When starting out building AI-driven solutions, including IBM Watson, Google Dialogflow, Amazon Lex, or others, the discussion always starts out with “Intents and Entities”. Not overly difficult, there are lots of descriptions out there on how these things are different. Intents are verbs, Entities are nouns, is the simplest and most common definition.
This all seems fine, and looking at simple examples (“I want to buy a ticket to Paris”), it’s seems pretty easy to understand that intent is “buy a ticket” and the entity is “Paris” in this instance.
Then, you actually have to build something that is not trivial! Which is what most real-world scenarios actually are. Using intents vs. entities can become more “gray” – and in fact reasonable people could disagree on the right approach for some use cases.
That the system allows users to use their own words for input, instead of asking them to match choices the VUI designer came up with, is the key to making bot solutions easy to use for customers.
Most solutions start out with an open-ended question for their bot, through either chat or voice. “In a few words, please tell me how I can help” would be a typical opening statement. A slew of intents are built, using lots of sample request phrases, to identify the business action the user needs to perform. That the system allows users to use their own words for input, instead of asking them to match choices the VUI designer came up with, is the key to making bot solutions easy to use for customers. Well designed systems include the ability to catch entities – nouns – that the user might speak as part of their request, so they don’t have to repeat that information again later. Even better systems are proactive in understanding who the user is, and provide context “are you calling about your backorder?” to help the user.
When the system matches the input to an intent – great! We know what the caller wants to do, and can work to fulfill their request either through continued automation or handing the call off to a human agent when appropriate. But for non-trivial systems a mechanism for better understanding the initial input is needed. The industry calls this “disambiguation” – but really, it’s just follow-up questioning. If you are a car dealership, and the initial question posed is “I want to talk to someone in sales”, there is more work to do to understand which sales department is needed. It might be “new car”, or “used car”, or “parts”, or “accessories”, or “tires”, or something else.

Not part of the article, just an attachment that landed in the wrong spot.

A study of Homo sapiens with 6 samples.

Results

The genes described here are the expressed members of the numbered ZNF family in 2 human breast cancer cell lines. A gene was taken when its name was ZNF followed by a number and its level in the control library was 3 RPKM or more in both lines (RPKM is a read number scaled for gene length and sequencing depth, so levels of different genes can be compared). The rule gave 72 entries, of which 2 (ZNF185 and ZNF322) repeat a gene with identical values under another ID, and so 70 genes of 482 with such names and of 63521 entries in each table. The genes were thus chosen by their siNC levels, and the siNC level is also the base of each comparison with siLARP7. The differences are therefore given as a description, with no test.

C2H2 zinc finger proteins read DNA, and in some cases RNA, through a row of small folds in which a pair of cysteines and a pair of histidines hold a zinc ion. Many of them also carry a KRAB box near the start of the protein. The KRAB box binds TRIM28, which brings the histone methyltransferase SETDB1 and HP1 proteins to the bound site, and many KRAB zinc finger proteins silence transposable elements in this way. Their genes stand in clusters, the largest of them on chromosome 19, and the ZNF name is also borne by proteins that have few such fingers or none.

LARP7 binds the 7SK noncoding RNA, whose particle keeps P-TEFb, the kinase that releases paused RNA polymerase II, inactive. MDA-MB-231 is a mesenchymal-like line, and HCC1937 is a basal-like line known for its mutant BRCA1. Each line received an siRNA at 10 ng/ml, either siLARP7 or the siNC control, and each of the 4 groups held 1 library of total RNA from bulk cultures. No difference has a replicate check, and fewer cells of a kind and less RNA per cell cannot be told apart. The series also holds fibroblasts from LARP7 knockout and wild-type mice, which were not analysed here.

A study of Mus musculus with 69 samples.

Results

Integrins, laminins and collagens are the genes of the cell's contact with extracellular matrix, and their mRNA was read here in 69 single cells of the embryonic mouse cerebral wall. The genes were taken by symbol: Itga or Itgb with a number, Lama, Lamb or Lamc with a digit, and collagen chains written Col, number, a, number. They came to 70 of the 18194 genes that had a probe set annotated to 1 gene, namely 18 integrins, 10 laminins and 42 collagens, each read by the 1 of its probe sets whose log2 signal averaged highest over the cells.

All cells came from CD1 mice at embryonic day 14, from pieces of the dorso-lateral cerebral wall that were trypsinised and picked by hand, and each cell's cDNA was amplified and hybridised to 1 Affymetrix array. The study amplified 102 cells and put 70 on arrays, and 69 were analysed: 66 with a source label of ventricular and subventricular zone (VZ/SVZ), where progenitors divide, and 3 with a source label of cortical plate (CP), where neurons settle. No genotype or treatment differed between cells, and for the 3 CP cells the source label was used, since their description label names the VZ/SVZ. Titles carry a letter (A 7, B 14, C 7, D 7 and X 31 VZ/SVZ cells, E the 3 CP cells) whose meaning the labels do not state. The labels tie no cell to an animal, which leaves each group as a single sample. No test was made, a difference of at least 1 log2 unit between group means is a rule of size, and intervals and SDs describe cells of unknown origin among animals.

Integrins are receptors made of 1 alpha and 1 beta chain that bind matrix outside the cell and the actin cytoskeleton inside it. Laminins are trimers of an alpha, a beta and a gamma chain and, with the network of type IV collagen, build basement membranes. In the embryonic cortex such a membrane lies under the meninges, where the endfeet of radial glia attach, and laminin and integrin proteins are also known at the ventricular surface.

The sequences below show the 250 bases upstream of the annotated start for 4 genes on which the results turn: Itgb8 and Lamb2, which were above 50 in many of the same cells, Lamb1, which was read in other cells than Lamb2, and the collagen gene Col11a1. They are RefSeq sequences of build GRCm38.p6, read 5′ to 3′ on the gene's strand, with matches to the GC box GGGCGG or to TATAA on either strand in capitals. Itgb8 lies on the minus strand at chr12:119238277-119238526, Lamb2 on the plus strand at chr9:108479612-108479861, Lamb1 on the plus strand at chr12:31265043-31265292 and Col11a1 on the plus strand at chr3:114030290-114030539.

There are a couple ways to approach solving for this problem. The different sales departments can be collected into an Entity. And while this may seem to make sense, my experience is that this is the wrong choice. But like most things with AI, there are no hard and fast rules that always are true.
Defining intents for the different types of sales activities, for this case, allows for a much wider set of sample phrases to be attached to those intents. Things like “I need new tires” are easy to match up to the “tire sales” department when it’s a separate intent. You get the bonus of being able to attach the specific intent at the main menu – and jump right to the specific intent when it’s recognized from the initial input. But, you can collect up the various “sales” related intents behind a sub menu “ok, sales – which sales department would you like to talk to….” and really not change their definition.
Entities work best, and are easiest to understand and maintain, when they can be examined outside of the intents they are contained in.
The golden rule that seems to push people into using intents vs. entities is when the “synoynms” for your entity values stop making sense. Entities work best, and are easiest to understand and maintain, when they can be examined outside of the intents they are contained in. You should not have “words people might say” mixed in as synonyms for entities.
Also, our dialog environments for defining the flow of an interaction handle messaging for matched intents with a lot less work than dynamically handling entities. It is much simpler, and easier to maintain, verbiage for a matched intent then dynamically programming responses based on which entity got matched- or no entity got matched at all.
So, get to work on those intents. Define specific intents at the finest level of granularity that you can. Use Entities when you have specific data elements to collect, but don’t drive “verbs” out of entities. You’ll have intents that can be re-used in different contexts and flows that will be more robust in their ability to match inputs and, most importantly, the system will be easier to understand and maintain going forward.